Google agrees to concessions to halt antitrust probe

Google has submitted a package of concessions to the European Commission in the hope of settling a two-year antitrust investigation into whether it gives its own properties – such as YouTube, Shopping and Google+ – undue prominence in search results.

Google

It is understood Google has offered to label its own products in search results to make them stand out from rival services and impose fewer restrictions on advertisers when they choose to move to competing services, according to Reuters.

If Google reaches a settlement with the EC, it will avoid a fine up to $5bn (£3.2bn), or 10 per cent of its revenue in 2012.

The EC’s investigation was sparked by a series of complaints from rivals, including closest competitor Microsoft, who complained Google penalises competitors and bumps its own services to the top of search results.

The complaints escalated last month when a coalition of 11 European companies – including TripAdvisor, Streetmap and Expedia – wrote to EC competition commissioner Joaquin Almunia urging him to issue a “statement of objections” against Google’s “anti-competitive” practices.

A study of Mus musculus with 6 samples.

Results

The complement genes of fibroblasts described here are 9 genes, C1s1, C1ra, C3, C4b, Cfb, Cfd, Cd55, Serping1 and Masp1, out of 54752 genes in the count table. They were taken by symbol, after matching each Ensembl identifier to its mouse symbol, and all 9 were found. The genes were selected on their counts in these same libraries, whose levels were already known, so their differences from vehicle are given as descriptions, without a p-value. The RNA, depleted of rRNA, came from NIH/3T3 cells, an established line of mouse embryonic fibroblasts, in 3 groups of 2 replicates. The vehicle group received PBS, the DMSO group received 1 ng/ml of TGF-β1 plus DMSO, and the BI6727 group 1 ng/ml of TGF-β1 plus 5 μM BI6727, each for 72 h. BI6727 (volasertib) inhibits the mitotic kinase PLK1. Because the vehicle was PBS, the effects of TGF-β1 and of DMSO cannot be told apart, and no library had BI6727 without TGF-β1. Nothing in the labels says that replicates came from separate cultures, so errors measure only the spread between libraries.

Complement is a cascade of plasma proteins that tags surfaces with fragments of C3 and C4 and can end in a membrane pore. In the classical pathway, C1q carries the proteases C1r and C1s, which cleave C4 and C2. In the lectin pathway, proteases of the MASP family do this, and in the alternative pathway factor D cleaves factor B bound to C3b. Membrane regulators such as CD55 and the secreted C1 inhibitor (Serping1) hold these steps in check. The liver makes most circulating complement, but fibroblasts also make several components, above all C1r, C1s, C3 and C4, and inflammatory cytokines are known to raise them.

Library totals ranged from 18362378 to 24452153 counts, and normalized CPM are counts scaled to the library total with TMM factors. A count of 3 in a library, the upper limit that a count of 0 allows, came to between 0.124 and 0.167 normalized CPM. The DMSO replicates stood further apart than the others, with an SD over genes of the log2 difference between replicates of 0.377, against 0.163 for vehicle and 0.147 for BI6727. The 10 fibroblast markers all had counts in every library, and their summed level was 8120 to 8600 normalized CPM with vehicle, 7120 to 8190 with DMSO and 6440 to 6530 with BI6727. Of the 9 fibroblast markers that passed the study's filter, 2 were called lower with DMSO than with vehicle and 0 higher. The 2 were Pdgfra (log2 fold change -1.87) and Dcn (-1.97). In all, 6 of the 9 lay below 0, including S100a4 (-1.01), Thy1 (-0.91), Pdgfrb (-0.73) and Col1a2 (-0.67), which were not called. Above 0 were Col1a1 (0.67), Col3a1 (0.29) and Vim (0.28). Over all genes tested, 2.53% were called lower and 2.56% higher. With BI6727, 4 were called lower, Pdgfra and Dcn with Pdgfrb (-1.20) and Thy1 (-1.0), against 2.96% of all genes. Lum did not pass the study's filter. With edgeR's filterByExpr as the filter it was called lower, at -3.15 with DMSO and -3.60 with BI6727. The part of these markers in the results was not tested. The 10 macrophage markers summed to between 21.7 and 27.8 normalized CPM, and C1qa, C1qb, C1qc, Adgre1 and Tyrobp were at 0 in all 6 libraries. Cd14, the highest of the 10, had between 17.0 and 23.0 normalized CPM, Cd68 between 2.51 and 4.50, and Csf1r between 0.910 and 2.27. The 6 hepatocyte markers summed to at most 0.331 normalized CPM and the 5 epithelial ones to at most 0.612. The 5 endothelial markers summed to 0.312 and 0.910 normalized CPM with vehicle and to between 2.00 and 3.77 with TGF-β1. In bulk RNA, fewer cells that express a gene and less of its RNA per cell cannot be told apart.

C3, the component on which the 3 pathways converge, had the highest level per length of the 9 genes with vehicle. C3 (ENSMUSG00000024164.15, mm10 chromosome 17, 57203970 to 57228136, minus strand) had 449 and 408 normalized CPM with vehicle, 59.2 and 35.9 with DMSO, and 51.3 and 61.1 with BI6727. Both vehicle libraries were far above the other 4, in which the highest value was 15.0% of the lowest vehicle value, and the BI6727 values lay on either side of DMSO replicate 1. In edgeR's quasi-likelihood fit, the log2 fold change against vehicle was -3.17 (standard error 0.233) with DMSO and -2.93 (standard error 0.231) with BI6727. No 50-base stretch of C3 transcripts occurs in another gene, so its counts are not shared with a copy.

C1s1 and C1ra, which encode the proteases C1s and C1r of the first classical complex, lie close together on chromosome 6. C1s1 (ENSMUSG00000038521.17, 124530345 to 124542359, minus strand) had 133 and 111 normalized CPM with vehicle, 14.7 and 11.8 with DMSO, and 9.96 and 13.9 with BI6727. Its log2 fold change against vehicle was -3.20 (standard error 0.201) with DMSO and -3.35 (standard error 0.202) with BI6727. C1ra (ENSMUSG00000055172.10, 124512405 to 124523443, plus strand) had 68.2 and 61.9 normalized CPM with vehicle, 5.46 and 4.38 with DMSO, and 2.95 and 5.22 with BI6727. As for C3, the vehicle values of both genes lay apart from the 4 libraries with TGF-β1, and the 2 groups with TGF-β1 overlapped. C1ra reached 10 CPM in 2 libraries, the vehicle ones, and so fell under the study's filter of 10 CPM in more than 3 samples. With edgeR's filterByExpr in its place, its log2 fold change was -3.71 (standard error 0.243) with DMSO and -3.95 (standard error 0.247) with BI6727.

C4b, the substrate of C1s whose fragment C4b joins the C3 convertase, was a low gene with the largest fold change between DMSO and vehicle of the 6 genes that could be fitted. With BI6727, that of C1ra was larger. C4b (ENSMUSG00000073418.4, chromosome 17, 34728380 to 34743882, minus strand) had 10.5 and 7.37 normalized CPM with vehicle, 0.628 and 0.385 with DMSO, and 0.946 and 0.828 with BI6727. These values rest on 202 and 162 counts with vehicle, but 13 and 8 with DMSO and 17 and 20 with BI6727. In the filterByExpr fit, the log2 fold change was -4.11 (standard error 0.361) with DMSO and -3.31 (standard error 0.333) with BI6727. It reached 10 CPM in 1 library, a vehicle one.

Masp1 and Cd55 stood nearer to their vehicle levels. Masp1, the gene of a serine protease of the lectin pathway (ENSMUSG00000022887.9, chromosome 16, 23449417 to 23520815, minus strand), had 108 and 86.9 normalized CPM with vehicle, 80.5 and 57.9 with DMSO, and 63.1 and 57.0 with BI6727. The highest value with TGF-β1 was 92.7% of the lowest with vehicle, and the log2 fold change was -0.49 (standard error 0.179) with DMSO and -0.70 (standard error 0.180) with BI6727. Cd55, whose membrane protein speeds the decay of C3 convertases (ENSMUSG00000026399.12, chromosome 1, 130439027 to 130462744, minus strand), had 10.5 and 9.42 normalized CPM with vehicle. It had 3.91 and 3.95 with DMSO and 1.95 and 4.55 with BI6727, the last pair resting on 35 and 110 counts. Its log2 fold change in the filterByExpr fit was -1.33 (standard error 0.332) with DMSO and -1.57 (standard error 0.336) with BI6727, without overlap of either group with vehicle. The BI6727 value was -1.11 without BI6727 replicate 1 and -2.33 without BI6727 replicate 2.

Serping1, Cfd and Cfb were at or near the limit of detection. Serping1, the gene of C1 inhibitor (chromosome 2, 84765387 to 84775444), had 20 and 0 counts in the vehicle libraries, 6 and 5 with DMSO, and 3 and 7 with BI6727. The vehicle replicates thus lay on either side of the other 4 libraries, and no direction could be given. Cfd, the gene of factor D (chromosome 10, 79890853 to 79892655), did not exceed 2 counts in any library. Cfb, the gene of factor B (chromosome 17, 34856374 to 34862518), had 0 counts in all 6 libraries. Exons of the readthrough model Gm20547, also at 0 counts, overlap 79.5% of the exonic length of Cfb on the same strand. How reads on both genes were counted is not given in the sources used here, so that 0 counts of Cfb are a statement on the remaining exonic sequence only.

The letter said: “Google must be even handed. It must hold all services, including its own, to exactly the same standards, using exactly the same crawling, indexing, ranking, display and penalty algorithms.”

The EC is now set to “market test” Google’s submission of commitments and seek feedback from other market players, including previous complainants, on its proposals. Any agreement reached will be legally binding.

A Google UK spokeswoman says: “We continue to work cooperatively with the European Commission.”

Google also faced similar issues in a US Federal Trade Commission antitrust investigation into the search giant, but the regulator found it did not bias its search results over competitors – although it also required concessions from the company.

Separately Google last night (11 April) became the first major company to launch a tool for users to decide what happens to their email, blog and social network data after they die.

The EU is current drafting changes to its Data Protection Regulation, which includes clauses on giving consumers a “right to be forgotten”.

Google has previously posted on its European Policy blog saying it is “supportive” of the principles behind the right to be forgotten and believes it is possible to implement in a way that enhances privacy online but also fosters free expression.